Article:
Jaskiran Sabharwal

Is the capture of RNA by RNase E and not its cleavage the major initiator of mRNA turnover

E. coli RNase E is a major regulator of gene expression and homologues are found in many bacteria and plant plastids. In a series of landmark papers published this year, we have shown that contrary to current models RNase E can survey multiple sites directly without being constrained by 5′-end tethering.  We have also outlined the underlying mechanism. This work, which has important ramifications, was funded by the BBSRC and featured on their website.
Objectives:  In addition to the above, we have made a finding that may produce a seismic shift in our understanding of gene regulation. We have found that RNase E reaches beyond the RNA it cleaves and binds to virtually any it encounters. The broad objective of this project is to establish whether the binding of 5′ untranslated regions (UTRs) by RNase E represents a major route by which translation is regulated in E. coli. The specific aims are to (1) confirm that RNase E binds to many 5′ UTRs with high affinity, (2) establish that binding of 30S ribosomal subunits can be outcompeted by RNase E, and (3) determine the overall influence of RNase E binding on translation.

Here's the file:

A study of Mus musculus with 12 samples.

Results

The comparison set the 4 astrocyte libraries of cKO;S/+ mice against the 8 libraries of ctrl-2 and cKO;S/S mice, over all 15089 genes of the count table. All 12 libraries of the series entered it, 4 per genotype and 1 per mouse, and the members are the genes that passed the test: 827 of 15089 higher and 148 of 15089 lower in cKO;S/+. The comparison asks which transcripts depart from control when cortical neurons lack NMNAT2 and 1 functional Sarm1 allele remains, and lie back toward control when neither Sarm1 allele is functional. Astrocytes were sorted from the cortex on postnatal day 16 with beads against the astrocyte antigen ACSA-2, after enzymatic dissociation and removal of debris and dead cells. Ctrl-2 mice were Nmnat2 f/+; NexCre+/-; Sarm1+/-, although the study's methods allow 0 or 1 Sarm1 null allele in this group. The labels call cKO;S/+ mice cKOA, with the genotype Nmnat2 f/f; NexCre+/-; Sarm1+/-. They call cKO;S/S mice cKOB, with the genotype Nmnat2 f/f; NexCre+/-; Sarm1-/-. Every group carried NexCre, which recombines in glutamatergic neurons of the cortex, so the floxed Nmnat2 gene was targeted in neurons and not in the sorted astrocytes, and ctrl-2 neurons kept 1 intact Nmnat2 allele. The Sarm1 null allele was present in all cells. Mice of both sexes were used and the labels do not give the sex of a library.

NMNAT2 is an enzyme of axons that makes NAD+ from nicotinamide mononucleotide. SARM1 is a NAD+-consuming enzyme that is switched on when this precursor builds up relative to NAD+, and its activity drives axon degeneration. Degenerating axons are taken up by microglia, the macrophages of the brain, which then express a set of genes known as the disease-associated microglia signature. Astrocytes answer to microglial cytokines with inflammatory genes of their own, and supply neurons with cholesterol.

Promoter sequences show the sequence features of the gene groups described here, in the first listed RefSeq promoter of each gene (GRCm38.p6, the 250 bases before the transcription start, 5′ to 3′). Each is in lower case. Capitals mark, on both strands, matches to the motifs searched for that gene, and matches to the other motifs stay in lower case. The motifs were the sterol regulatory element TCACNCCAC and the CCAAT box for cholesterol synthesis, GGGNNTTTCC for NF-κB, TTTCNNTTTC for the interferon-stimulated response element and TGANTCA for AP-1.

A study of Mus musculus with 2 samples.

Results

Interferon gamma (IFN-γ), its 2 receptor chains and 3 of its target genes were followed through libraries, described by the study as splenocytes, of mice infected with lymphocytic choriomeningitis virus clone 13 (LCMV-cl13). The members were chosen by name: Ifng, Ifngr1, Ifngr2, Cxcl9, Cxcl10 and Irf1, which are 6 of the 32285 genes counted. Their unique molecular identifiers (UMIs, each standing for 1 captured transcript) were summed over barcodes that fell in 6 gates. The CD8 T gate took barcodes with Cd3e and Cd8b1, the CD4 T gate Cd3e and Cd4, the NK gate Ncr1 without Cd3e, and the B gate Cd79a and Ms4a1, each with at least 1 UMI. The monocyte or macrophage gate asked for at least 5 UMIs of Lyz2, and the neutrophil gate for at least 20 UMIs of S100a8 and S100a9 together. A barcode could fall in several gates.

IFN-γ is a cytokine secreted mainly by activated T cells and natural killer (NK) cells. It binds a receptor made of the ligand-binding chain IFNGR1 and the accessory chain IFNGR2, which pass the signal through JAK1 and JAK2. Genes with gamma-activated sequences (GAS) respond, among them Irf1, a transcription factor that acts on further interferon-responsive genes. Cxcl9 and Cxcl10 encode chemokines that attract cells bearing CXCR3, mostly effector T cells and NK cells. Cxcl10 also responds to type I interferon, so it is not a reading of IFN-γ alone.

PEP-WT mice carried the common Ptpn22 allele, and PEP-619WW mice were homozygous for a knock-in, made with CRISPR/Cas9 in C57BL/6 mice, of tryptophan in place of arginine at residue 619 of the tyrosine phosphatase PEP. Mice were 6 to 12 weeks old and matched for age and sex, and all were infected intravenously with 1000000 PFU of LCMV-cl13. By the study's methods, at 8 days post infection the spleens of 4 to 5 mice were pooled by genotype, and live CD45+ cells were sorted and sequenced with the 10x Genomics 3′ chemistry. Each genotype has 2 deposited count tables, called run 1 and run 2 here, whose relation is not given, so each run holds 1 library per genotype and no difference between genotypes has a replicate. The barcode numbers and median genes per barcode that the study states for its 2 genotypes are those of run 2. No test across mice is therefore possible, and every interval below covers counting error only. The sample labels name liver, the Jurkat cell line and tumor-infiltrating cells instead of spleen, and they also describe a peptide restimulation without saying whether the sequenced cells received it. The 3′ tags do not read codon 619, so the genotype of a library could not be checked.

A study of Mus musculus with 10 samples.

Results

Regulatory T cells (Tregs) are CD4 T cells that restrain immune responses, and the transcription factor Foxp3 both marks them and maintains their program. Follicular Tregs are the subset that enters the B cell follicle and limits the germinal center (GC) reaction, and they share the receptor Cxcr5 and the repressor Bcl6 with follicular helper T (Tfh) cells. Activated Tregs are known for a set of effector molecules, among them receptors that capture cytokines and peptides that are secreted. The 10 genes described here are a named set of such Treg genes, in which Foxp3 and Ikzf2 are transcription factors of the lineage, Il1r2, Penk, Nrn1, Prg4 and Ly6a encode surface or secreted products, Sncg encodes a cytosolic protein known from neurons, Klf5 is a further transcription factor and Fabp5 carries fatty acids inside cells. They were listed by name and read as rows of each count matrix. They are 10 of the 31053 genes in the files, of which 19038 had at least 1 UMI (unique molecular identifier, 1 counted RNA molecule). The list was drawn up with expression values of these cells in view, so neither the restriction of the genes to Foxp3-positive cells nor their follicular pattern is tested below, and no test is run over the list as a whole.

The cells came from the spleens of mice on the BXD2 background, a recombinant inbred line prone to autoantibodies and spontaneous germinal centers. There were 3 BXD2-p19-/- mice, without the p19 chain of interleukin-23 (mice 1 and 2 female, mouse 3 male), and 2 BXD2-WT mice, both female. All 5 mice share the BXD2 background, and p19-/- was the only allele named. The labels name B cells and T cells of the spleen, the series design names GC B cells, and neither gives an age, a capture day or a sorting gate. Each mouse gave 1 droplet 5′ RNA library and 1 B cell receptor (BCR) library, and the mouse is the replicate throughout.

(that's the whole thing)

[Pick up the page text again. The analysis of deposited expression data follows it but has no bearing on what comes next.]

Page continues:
Novelty: The hypothesis is novel.  Never before has it been proposed that RNase E, or indeed any other ribonuclease, can regulate translation by outcompeting ribosomes for binding to 5′ UTRs.  Moreover, the inactivation of mRNAs before the first cleavage could prevent the futile and perhaps deleterious translation of partially degraded transcripts. Our most recent direct entry paper was published as a “Breakthrough” article and was given the front cover.
Timeliness:  The proposed project not only comes on the back of a series of strong publications plus recent findings that were unexpected and unprecedented, it fits with major initiatives in synthetic biology and the development of new antibiotics.